How and When To See a Licensed Counselor

I’ve made no bones about the fact that I’ve been in and out of professional therapy for the past 5 years.

It’s become a vital part of my own journey and truly has opened my eyes to a lot of things about myself and others. As my current therapist says, we’re all in some state of unhealthy – it’s part of the human experience! I’ve found that having a professional to run things by regarding parenting, marriage, life, etc., has been an invaluable tool. Just last week we were facing something with one of our kids and I was able to process it with her in a way that cleared the fog and it was enormously helpful.

Brene Brown says it this way:

Courage starts with showing up and letting ourselves be seen.

Don’t you love that?? So hard to do!! But such a game changer.

So if you’re ready to see a counselor, how do you start?

Well, referrals are awesome. If you have any friends who are open about their experience start there. Another great place to ask is your doctor or your church. Most faith based organizations have a list of counselors they refer to and you don’t have to attend the church to ask about it!

Then, just call them and make an appointment! Your counselor will most likely want to know your story. And this is the one time where talking about yourself endlessly is actually welcomed and encouraged;). If you feel comfortable and felt the time was well spent, make another appointment!

But also, don’t worry if the first one you meet with isn’t the one for you. Counselors are not one size fits all and you may have to kiss a few frogs before you find your counseling fit. For example, when we first moved here, I met with a woman 3 times and on our third visit I felt very judged and beat up. Not how I needed or wanted to feel. So I fired her. Actually, I just didn’t re-schedule and made up some lame excuse but we both knew what had happened. Yes, maybe when I’ve been in counseling longer I’ll be able to handle those things more maturely;).

So, how do you know if you should go?? Well, I think anybody can benefit from it, but particularly if you’re going through one of these things:

  • Major Life Change – a move, a big career transition, new marriage, new baby, etc.
  • Grief – if you’ve lost a loved one, counseling is fantastic to help you work through your grief. Grieving is a verb and it takes work.
  • Parenting Issues – I hear family counseling can do wonders but we’ve been unable to get our kids to go with us. That doesn’t keep us from using our counselor to help us work through parenting issues. Especially when we’re not on the same page, having an objective third person is amazing.
  • Career choices – a counselor can help you work through if and when it’s time to move on from a particular job or situation. Again, you may very well need someone objective and not your best friend because she always thinks you’re right and (spoiler alert) YOU’RE NOT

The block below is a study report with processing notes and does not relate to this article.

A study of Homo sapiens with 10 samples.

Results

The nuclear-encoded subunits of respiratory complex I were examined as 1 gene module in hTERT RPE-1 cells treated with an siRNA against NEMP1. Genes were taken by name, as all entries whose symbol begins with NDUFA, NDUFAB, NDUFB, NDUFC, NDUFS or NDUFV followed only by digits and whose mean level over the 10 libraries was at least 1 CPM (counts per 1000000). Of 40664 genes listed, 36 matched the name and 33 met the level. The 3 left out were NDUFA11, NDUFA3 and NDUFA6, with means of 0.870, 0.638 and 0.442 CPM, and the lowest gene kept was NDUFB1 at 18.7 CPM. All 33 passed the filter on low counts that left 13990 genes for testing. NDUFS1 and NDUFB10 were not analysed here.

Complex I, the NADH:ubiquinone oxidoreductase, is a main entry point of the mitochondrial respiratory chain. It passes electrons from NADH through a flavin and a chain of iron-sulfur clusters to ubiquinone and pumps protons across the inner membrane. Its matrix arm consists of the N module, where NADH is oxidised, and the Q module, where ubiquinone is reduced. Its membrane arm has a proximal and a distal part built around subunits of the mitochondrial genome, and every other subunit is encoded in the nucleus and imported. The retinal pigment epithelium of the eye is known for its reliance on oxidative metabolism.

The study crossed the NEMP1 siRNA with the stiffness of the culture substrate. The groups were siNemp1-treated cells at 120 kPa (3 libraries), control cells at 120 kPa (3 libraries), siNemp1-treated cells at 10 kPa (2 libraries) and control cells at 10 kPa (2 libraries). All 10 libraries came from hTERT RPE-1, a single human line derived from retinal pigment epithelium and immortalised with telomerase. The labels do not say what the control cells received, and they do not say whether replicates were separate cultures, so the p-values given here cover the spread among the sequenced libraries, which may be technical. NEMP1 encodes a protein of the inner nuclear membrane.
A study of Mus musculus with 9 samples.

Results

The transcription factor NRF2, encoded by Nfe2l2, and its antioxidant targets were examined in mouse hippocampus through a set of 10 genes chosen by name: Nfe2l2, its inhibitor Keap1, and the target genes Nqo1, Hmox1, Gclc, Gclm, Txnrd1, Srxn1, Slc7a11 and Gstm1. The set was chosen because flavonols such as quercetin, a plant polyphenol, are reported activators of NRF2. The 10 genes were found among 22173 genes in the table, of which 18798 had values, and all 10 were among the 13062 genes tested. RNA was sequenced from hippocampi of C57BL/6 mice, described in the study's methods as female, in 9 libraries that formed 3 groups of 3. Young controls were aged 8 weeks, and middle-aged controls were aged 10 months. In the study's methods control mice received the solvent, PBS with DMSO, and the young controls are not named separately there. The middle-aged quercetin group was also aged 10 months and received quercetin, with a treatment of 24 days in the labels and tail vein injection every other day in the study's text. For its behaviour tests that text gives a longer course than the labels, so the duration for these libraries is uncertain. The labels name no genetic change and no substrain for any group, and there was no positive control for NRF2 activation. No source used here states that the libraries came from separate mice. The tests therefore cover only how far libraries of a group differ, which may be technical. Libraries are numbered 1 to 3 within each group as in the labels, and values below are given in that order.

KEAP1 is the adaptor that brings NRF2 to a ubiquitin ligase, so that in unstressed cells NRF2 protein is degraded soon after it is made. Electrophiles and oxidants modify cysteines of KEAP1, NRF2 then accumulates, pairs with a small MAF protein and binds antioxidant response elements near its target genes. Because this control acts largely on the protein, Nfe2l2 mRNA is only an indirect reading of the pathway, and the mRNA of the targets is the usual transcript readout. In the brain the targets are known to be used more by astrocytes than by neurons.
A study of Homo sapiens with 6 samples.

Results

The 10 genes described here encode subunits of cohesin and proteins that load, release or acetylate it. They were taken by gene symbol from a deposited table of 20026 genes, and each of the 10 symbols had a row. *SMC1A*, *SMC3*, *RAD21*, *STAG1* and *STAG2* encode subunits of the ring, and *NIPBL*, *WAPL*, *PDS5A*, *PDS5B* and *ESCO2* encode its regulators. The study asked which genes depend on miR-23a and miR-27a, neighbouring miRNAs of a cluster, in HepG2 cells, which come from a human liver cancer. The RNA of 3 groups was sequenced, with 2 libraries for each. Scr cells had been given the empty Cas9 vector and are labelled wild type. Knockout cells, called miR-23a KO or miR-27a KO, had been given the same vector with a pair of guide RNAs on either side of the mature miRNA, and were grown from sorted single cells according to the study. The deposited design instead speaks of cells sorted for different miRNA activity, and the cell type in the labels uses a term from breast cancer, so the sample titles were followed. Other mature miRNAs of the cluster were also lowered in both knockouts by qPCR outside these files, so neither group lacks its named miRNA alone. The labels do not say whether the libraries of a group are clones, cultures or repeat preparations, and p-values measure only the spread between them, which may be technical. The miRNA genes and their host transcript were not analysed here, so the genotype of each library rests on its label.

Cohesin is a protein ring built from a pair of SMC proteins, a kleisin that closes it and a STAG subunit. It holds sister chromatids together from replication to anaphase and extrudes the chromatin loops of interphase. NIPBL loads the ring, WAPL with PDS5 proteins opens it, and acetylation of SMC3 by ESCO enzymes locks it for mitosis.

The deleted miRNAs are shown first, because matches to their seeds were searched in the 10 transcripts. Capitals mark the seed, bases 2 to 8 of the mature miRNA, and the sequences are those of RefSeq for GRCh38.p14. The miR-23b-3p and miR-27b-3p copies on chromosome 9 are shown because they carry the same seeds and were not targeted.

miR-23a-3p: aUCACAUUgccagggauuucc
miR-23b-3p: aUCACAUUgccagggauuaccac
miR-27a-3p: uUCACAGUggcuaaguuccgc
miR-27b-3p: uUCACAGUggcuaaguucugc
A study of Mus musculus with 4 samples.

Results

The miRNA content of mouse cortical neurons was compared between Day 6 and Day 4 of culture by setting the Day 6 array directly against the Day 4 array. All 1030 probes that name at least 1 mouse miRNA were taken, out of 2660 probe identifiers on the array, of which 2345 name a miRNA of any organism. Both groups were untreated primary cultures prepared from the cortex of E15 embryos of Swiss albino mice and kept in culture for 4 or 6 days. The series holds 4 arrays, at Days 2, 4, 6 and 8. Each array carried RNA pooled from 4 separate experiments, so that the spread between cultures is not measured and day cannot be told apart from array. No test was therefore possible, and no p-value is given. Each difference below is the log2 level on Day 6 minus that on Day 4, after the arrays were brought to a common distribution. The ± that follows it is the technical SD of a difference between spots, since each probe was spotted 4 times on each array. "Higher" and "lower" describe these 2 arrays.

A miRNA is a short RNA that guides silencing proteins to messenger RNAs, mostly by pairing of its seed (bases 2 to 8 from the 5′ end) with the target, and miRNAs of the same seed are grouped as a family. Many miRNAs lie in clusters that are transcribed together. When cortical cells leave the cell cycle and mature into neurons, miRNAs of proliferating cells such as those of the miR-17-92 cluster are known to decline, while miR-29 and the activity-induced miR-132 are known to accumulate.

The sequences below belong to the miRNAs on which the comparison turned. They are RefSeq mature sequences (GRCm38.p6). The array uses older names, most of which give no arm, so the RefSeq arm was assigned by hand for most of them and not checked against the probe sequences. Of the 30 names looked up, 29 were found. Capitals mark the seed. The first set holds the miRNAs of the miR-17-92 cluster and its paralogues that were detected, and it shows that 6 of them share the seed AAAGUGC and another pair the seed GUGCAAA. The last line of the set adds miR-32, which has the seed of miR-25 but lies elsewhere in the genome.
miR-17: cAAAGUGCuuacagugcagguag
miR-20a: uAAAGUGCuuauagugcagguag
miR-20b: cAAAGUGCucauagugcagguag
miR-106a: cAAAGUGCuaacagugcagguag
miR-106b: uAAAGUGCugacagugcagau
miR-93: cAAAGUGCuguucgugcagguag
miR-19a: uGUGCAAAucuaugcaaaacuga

• Marriage Issues – I say “issues” and not “problems” because the best time to find a marriage counselor you love is not when the problems have already started. Every marriage has issues and a counselor can help you with communication, decision making, stress management, you name it.
  • Stress and anxiety – these are big for me. I love that I can go in to her office and just lay it all out there and she helps me navigate through the “why”. She doesn’t solve – she guides. And then I can solve on my own.
  • Extended family issues – if your’e struggling with things from your family of origin or the family your married in to
  • Addiction – are you concerned about alcohol or drug use in yourself or someone you love? A counselor (especially one that specializes in addiction) can change your life and many times, help you save your life. Quite literally.

I could add many things to this list but this is a good start. Basically, all of us can benefit from a good, licensed counselor! It can get costly, but when you think of how important your mental health is, the money is very well spent. Also, check with your insurance and see if they cover some or all of the cost! Most counselors don’t file for you, but you can file insurance on your own. And I’m almost positive you can use your HSA to pay for it (someone please comment if I’m wrong on that – I’m not an HSA expert!).

Seeking counseling is not a sign of weakness – it’s actually a huge sign of strength. For me, it’s been a life line and helped me navigate through some tough things without hurting people. Which is key (I say this mostly joking, I don’t think I would ever hurt anyone. I’ll have to ask my counselor;).

So get out there and go to counseling! And then do me a huge favor? Tell people you’re going if you can get comfortable with that. We need to make it as normal as going to the dermatologist or the dentist. Because our minds are just as important as our skin and our teeth. Um, scratch that. They’re MORE important.